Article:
In 2015, digital technology is omnipresent. Nearly everyone in America either owns or has easy access to a computer, laptop, tablet, smartphone or other digital device. As a result, we now have endless access to information, entertainment and social interaction—with much of that material and interconnectivity being sexual in nature. (Research reveals that roughly 13% of all Internet searches are sex-related.1)
For the vast majority of people, this is not an issue. They are able to play with and enjoy sexnology in healthy ways, without becoming addicted or experiencing negative consequences, just as most people are able to enjoy alcohol without experiencing major problems. However, for people vulnerable to addiction and psychological disorders (usually thanks to a combination of genetic and early-life environmental factors2), sexnology is as much a danger zone as any other potential addiction.
In my psychotherapeutic practice, which specializes in sexual addiction and other intimacy disorders, I first noticed that technology was causing serious problems in the mid-1990s. In response, I co-wrote the first book on the topic, Cybersex Exposed, published in 2001. That now outdated book was followed this January with an entirely new book on cybersex addiction, Always Turned On, co-authored with my friend and colleague Jennifer Schneider, MD, PhD.
Prior to the mid-1990s, my sexually addicted clients were mostly hooked on real-world sexuality—serial affairs, prostitutes, sex clubs, adult movies, etc., plus the occasional guy addicted to phone sex (the old-fashioned phone that plugged into the wall). Then, when home computers and the Internet came along, my clients were suddenly and primarily engaging in tech-driven sexuality. This trend continues unabated, with current-day sex addicts hooked on digital pornography, virtual sex games, webcam sex, hookup apps, and whatever else R&D departments can dream up.
Furthermore, as both scientific research and anyone who’s been treating sex addicts for more than a decade can tell you, with each new sexnological advance we see more people who are concerned about sexual addiction. Consider that studies conducted in the 1980s (pre-Internet) generally suggested that anywhere from 3 to 5% of the adult male population was sexually addicted.3 By 1999, that percentage had approximately doubled, to 8.5%.4 We don’t have an updated percentage today, but anecdotal evidence strongly suggests the number is still climbing.
It is clear that digital technology both leads to and facilitates sexual addiction. In short, as digital technology has increased our highly affordable and mostly anonymous access to potentially addictive sexual imagery, activity and partners, it also has increased our chances of becoming sexually addicted. If you need another measurement, consider that in 1999 there were approximately 25 clinicians specializing in the treatment of sexual addiction, whereas today there are more than 2,000 certified sex addiction therapists.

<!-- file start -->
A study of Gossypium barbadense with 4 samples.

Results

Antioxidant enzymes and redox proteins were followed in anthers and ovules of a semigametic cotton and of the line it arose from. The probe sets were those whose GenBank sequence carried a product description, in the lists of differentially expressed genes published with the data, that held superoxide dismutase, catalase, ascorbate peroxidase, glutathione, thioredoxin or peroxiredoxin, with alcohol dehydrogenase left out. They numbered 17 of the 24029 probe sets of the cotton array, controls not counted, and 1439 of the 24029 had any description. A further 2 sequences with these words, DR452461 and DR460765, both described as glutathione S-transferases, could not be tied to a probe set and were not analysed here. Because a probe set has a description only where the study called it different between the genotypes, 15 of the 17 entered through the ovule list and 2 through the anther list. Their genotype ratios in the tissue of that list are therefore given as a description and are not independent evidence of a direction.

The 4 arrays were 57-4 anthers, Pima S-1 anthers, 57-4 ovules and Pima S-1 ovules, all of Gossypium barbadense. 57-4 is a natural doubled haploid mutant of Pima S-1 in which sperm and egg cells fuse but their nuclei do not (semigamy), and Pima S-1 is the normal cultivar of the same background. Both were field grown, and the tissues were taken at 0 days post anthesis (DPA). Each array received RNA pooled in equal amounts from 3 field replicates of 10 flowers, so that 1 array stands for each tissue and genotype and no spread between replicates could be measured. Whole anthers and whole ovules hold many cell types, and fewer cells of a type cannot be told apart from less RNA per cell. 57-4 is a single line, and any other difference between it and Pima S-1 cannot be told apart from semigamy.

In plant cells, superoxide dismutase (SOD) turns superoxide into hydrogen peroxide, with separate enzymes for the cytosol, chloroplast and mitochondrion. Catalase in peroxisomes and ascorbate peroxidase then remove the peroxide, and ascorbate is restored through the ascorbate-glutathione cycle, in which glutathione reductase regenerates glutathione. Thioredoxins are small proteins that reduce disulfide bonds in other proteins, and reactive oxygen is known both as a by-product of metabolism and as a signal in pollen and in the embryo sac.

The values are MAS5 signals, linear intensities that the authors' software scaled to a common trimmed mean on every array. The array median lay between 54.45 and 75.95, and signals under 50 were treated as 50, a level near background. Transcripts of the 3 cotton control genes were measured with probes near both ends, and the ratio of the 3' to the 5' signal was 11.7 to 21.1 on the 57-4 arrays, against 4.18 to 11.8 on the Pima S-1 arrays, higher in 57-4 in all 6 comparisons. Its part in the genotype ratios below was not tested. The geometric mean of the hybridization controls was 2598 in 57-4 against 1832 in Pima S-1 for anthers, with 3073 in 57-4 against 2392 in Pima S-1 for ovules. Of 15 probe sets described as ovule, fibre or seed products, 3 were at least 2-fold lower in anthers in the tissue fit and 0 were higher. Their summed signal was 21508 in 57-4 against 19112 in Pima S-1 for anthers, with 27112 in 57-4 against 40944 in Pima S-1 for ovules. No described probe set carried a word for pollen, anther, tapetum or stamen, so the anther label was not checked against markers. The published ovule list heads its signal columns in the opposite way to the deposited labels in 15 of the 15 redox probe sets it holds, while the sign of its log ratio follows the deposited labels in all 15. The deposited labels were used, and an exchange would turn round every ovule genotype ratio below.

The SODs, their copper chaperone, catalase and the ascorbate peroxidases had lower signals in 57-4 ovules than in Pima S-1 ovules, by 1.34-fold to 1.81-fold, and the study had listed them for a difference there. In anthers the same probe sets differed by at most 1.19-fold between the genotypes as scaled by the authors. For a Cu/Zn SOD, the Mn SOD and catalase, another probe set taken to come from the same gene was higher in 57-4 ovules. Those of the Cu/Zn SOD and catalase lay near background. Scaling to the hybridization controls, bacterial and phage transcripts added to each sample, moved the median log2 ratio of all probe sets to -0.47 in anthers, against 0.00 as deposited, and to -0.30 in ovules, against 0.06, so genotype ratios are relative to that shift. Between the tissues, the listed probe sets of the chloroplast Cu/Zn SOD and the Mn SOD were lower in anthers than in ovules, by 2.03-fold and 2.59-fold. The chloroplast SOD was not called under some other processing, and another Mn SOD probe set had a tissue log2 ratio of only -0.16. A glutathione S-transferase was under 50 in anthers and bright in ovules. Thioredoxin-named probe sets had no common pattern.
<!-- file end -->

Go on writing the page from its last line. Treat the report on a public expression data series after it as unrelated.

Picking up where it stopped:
Without a doubt, online porn is the “industry leader” when it comes to modern-day sexual addiction. In their 2012 book on human sexuality, A Billion Wicked Thoughts, researchers Ogi Ogas and Sai Gaddam state, “In 1991, the year the World Wide Web went online, there were fewer than 90 different adult magazines published in America, and you’d have been hard-pressed to find a newsstand that carried more than a dozen. Just six years later, in 1997, there were about 900 pornography sites on the Web. Today, the filtering software CYBERsitter blocks 2.5 million adult Web sites.”1
Other research suggests that 12% of all websites are pornographic in nature.5 And frankly, the amount of mostly free online porn that is currently available increases by the minute, thanks primarily to user-generated imagery (sexts, webcam mutual masturbation sessions, etc.) Put simply, pornography of every ilk is now available to anyone, anytime, on almost any digital device. And the barriers to accessing online porn that once existed—cost, proof of age, etc.—are no longer in play. Today, all a person who’s interested in porn needs to do is find a porn site and click a button that says “Yes, I’m 18.”
If you’re skeptical about the ubiquity of online porn, consider the tribulations of Canadian researcher Simon Lajeunesse, who was stymied in attempts to study the effects of porn on adolescent males because he couldn’t find any young males who weren’t already porn users.6 Without a control group, there was no way to make comparisons. And it’s not just boys who are accessing porn. A 2008 study (2008 was at the very start of the online porn boom) found that 92% of adolescent boys and 62% of adolescent girls had viewed online erotica.7 Furthermore, pre-adolescents also are looking; some estimates now place the average age of first porn use at 11 years.8 When we consider that “age of first use” is a proven risk factor for addiction9, is it any wonder that sexual addiction is on the rise?
Of course, pornography is merely the tip of the sexnological iceberg. In today’s world it is possible to meet someone on a dating site or a hookup app, to flirt with that person via text and sext, to have sex with that person via webcam and teledildonic devices, and to brag about this hot new relationship on social media—all without ever being in the same room.